Chimneys in houses built many decades ago were built with different requirements than today’s, which sometimes means that safety is a concern. Any chimneys built prior to the 1950s were almost certainly masonry or block chimneys. The most common problem with old houses is that the chimneys aren’t lined, since that wasn’t a requirement when the fireplace was built. There are other issues to be on the lookout for, as well.
No Chimney Lining
Many people who have old homes and unlined chimneys simply don’t realize how important a chimney liner is. The following are some of the reasons to have a chimney liner installed before using a fireplace:
- Whenever a chimney is used, highly flammable creosote and soot are deposited inside the chimney or flue. A spark can cause the creosote to ignite, starting a hazardous chimney fire.
- If there are any gaps in the chimney masonry that is next to combustible materials, the house is in danger of catching fire in the event that there is a chimney fire.
- If a modern gas appliance is used with the chimney, the huge amounts of condensation produced will adhere to the masonry. The moisture will go through freeze and thaw cycles in wintertime which slowly deteriorates the chimney masonry.
- When a chimney is unlined, there is a much greater chance that deadly carbon monoxide and other toxic fumes will be released into the home.
- Chimneys that have no lining have diminished performance because they typically have poor drafting.
- It’s possible you could have problems with an insurance claim, if there is a fire and the chimney was not lined.
Masonry Issues Deterioration
Bricks that were made in the 1600s and 1700s were of a much better quality than today’s bricks, chiefly because of the method used for firing them. In spite of their incredible durability, there comes a time with every chimney when the mortar wears out. If the damaged mortar in a chimney is not replaced, the chimney will begin to lean and will ultimately collapse. Fortunately, there is a procedure called “tuck-pointing” which makes it possible to simply remove old mortar and replace it with new. No tearing down or rebuilding is required, if you catch the problem in time. Tuck-pointing will restore the original shape of the chimney and strengthen the entire structure giving it a fresh look.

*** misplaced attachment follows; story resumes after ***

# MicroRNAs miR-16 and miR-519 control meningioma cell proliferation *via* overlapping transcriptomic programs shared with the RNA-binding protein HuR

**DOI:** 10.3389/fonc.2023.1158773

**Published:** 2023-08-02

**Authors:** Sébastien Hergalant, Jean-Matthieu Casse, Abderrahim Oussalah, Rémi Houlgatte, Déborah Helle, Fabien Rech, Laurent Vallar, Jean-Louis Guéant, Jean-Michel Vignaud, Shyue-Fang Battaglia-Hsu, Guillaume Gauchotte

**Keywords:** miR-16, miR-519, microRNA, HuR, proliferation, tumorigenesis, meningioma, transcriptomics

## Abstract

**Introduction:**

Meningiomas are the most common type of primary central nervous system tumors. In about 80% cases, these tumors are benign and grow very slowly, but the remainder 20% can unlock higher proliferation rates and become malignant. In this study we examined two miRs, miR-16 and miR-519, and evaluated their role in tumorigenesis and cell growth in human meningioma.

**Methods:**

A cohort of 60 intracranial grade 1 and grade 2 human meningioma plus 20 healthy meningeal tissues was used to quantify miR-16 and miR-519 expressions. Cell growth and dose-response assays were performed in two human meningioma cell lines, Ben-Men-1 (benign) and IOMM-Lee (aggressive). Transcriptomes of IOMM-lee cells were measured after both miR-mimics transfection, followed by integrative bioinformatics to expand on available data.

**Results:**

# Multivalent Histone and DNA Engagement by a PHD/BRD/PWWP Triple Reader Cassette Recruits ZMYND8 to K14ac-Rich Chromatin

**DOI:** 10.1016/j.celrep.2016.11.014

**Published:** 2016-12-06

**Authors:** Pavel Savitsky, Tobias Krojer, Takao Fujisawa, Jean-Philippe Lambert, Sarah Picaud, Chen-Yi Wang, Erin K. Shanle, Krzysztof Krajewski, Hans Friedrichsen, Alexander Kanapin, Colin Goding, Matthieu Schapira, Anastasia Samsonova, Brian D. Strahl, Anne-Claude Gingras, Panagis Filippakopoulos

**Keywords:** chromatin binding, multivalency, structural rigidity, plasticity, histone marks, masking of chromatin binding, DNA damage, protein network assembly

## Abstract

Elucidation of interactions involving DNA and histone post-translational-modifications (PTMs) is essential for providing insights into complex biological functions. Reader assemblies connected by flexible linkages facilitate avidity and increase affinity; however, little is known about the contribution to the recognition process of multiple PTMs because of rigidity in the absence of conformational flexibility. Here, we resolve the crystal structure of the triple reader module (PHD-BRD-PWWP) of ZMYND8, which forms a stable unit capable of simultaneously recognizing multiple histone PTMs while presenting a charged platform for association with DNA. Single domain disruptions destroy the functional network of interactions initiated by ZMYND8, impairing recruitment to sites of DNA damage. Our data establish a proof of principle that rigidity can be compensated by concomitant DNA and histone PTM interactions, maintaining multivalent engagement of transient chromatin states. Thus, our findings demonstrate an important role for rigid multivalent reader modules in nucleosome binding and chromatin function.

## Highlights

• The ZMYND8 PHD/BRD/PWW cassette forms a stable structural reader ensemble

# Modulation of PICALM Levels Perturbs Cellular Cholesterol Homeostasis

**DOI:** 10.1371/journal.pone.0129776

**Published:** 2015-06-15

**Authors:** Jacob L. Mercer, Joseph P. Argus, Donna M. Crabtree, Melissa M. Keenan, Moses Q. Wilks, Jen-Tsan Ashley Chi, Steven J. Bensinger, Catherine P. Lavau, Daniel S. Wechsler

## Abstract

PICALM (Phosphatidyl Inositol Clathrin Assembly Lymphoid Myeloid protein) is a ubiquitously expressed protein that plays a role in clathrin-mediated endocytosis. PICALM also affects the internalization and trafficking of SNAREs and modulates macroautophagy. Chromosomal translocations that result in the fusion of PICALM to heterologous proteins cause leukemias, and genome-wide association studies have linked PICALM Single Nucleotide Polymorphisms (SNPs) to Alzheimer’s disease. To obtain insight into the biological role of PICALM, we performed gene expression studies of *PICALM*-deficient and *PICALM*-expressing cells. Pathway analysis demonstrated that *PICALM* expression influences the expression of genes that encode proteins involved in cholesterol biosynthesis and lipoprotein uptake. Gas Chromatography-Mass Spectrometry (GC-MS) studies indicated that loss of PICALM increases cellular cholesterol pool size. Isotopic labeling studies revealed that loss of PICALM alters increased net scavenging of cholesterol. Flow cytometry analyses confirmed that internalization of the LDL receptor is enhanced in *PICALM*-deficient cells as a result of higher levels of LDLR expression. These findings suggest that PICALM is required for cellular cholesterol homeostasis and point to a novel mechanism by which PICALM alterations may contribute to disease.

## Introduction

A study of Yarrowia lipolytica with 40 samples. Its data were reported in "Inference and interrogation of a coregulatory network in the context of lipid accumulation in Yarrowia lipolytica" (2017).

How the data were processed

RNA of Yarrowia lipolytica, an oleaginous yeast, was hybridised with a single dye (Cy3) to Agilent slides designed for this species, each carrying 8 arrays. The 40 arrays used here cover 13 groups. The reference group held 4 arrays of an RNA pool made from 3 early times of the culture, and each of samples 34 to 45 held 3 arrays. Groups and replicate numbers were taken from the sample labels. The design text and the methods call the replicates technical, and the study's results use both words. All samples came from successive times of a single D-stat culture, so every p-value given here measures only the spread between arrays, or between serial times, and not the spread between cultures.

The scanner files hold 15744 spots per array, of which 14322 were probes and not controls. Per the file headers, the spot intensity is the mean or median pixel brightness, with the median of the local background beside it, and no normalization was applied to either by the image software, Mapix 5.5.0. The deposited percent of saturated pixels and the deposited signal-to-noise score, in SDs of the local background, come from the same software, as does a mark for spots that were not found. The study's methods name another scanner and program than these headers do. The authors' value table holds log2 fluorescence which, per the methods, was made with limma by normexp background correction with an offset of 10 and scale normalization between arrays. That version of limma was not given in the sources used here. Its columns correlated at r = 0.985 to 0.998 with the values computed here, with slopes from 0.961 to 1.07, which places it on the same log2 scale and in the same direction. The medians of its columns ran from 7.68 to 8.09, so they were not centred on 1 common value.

When mortar deteriorates, the chimney structure becomes much more vulnerable to moisture damage that can create the need for many different types of costly repair.
In decades past, clearance between the fireplace and chimney and combustibles was not a safety consideration. It has been found that it can take many years for pyrolysis to occur. After wood beams have been exposed to the heat from a fireplace for even 50 years or more, they will suddenly ignite because of the process of pyrolysis. The process causes the wood to be highly combustible. If you can see wood that is directly against chimney masonry, it’s very possible that pyrolysis is occurring. It’s best to have a chimney professional assess the potential danger of your fireplace before using it again.
Old homes and fireplaces are beautiful, but the chimneys are not always safe to use. Contact a chimney professional today for an annual chimney inspection, installation of a chimney liner, and help with any questions you may have about the safety of your fireplace and chimney.